Animal Activists Encourage Non-Lethal Methods For Controlling Urbana Goose Overpopulation
URBANA- Subdivisions and parks throughout Champaign County have been trying to control the goose population for years– using methods ranging from hazing dogs to culling, or killing, geese.
Now, a new goose rights organization named Friends of Geese is recommending non-lethal methods for controlling the population.
Susan Parenti, a Friends of Geese activist, says the organization offers services to control the population peacefully.
“[Friends of Geese] is simply showing people that if you have a distaste for murdering geese, we can show you ways to control them,” Parenti says.
While they did use some non-lethal population control methods, including hazing dogs, lasers, nest manipulation and vegetation design, the Urbana Park District killed more than 175 geese in Crystal Lake Park last year.
According to a recent survey conducted by Crystal Lake Park, more than half of park visitors observed conflicts or problems with geese including feces, noise, aggression, water quality and traffic.
“This was not an action we took lightly and was only performed after many years of increasingly intensive management efforts to limit the impacts of geese on the park,” the Urbana Park District wrote on their website.
In an email to Illinois Newsroom, the Illinois Department of Natural Resources wrote that they recommend non-lethal methods including hazing, nest and egg destruction and habitat modification.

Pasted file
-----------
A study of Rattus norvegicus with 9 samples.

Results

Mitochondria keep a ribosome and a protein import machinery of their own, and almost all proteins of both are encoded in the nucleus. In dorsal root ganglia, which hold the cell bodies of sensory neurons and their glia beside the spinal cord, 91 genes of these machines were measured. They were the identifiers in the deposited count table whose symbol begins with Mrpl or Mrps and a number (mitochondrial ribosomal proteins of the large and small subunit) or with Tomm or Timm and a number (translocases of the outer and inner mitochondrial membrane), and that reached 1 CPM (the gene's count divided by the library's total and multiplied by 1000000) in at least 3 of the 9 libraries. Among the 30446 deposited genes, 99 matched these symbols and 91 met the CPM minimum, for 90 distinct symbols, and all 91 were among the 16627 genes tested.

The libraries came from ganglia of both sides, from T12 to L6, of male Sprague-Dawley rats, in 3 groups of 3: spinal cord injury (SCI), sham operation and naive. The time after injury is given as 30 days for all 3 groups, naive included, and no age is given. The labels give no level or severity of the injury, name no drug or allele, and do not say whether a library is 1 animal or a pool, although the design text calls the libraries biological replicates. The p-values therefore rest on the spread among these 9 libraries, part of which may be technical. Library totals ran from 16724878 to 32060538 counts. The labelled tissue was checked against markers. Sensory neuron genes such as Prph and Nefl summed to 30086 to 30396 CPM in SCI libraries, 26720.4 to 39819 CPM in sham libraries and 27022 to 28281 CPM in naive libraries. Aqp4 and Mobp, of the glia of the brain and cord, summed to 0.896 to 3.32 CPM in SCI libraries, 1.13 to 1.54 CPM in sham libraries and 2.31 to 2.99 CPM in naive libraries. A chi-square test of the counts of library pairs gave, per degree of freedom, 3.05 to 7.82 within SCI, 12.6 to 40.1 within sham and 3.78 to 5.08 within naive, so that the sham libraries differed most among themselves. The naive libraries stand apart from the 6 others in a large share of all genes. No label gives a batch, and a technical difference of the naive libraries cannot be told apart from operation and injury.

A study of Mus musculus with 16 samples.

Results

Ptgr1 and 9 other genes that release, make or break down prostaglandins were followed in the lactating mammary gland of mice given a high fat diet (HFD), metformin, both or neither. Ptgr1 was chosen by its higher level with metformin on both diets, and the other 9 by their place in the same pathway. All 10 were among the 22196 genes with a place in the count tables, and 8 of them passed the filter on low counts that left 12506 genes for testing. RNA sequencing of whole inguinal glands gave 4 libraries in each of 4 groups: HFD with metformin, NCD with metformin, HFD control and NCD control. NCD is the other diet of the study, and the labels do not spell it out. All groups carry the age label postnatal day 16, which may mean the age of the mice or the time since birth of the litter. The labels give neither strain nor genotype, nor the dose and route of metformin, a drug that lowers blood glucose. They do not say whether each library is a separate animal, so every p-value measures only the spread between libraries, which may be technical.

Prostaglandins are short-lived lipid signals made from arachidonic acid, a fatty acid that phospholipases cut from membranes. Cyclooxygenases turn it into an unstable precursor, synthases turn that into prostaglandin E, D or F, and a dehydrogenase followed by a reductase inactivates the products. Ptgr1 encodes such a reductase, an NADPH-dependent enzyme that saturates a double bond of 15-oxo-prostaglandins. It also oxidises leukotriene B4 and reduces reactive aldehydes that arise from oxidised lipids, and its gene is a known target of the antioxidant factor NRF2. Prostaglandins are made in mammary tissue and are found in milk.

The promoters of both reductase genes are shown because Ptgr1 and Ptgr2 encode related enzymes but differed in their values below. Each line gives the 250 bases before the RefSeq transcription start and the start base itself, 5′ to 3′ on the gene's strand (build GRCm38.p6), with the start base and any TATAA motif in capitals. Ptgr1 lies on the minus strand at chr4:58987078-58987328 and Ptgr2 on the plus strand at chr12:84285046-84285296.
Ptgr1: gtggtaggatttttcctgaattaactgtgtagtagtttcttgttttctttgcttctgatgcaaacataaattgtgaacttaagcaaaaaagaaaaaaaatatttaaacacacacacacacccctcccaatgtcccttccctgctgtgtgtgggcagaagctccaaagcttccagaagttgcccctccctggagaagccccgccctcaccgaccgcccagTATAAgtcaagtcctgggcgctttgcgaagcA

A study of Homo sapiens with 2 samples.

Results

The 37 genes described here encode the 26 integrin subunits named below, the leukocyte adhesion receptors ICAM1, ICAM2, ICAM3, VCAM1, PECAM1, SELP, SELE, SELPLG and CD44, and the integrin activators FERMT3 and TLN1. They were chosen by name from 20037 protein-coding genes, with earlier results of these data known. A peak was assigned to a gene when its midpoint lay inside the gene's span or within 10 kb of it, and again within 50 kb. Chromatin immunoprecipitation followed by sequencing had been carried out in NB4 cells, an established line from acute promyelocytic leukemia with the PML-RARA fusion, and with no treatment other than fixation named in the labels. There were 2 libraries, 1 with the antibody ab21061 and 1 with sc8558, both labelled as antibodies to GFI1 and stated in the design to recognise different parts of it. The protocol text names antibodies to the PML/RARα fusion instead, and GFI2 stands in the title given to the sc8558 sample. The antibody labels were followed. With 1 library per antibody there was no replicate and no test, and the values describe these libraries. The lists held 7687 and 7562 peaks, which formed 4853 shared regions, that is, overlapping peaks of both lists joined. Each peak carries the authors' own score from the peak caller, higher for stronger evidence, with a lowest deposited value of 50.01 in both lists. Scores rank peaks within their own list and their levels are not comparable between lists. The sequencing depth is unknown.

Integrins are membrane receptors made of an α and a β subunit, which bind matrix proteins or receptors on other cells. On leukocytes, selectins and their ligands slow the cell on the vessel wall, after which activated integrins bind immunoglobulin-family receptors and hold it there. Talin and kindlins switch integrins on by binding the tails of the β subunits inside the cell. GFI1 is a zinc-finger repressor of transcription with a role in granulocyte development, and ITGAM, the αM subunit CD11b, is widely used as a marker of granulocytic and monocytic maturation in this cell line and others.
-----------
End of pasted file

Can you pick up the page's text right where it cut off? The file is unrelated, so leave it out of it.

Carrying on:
“Most goose-human conflicts can be solved or mitigated through non-lethal management,” the department wrote.
Now, the Urbana Park District is spending over $2.5 million to rehabilitate Crystal Lake Park. According to the district, changes will include growing grasses tall along the edges of the water– creating an unappealing habitat for geese.
Michael Patrick Ward, an associate professor in Natural Resources and Environmental Sciences at the University of Illinois, says that’s the best practice for keeping geese away.
“It’s all about habitat management,” Ward says. “Creating natural landscapes within these parks’ natural habitat will help mitigate much of the issues that we see.”
Ryan Askren, a graduate student who studies geese under Ward at the university, says it’s no surprise geese are attracted to ponds in local subdivisions and parks. He says because so much of their natural habitat is gone, they have to find other places to nest and live.
“We’ve really just destroyed all the habitat that they historically would have had in Illinois,” Askren says. “These urban areas provide relief from natural predators and hunting pressure.”
Another non-lethal method to control the population is addling the eggs– a process where eggs are taken from nests, the embryo is terminated and the egg is returned to the nest.
Friends of Geese members say they will come to areas where geese are nesting and addle the eggs to control the population free of charge.
However, Penny Hanna, an activist with Friends of Geese, says the process is something you have to keep up with. To her, it’s like birth control.
“If you take the egg out, they will lay more so you have to keep coming back and coming back to do this,” Hanna says.
Hanna says she believes local park districts and subdivisions need to learn how to better control the geese without using lethal force.
“You can, as humans, live in nature– not above nature or upon nature,” Hanna says. “You can settle conflicts with wildlife and other humans peacefully.”
Farrah Anderson is a student journalist for Illinois Newsroom. Follow her on Twitter @farrahsoa.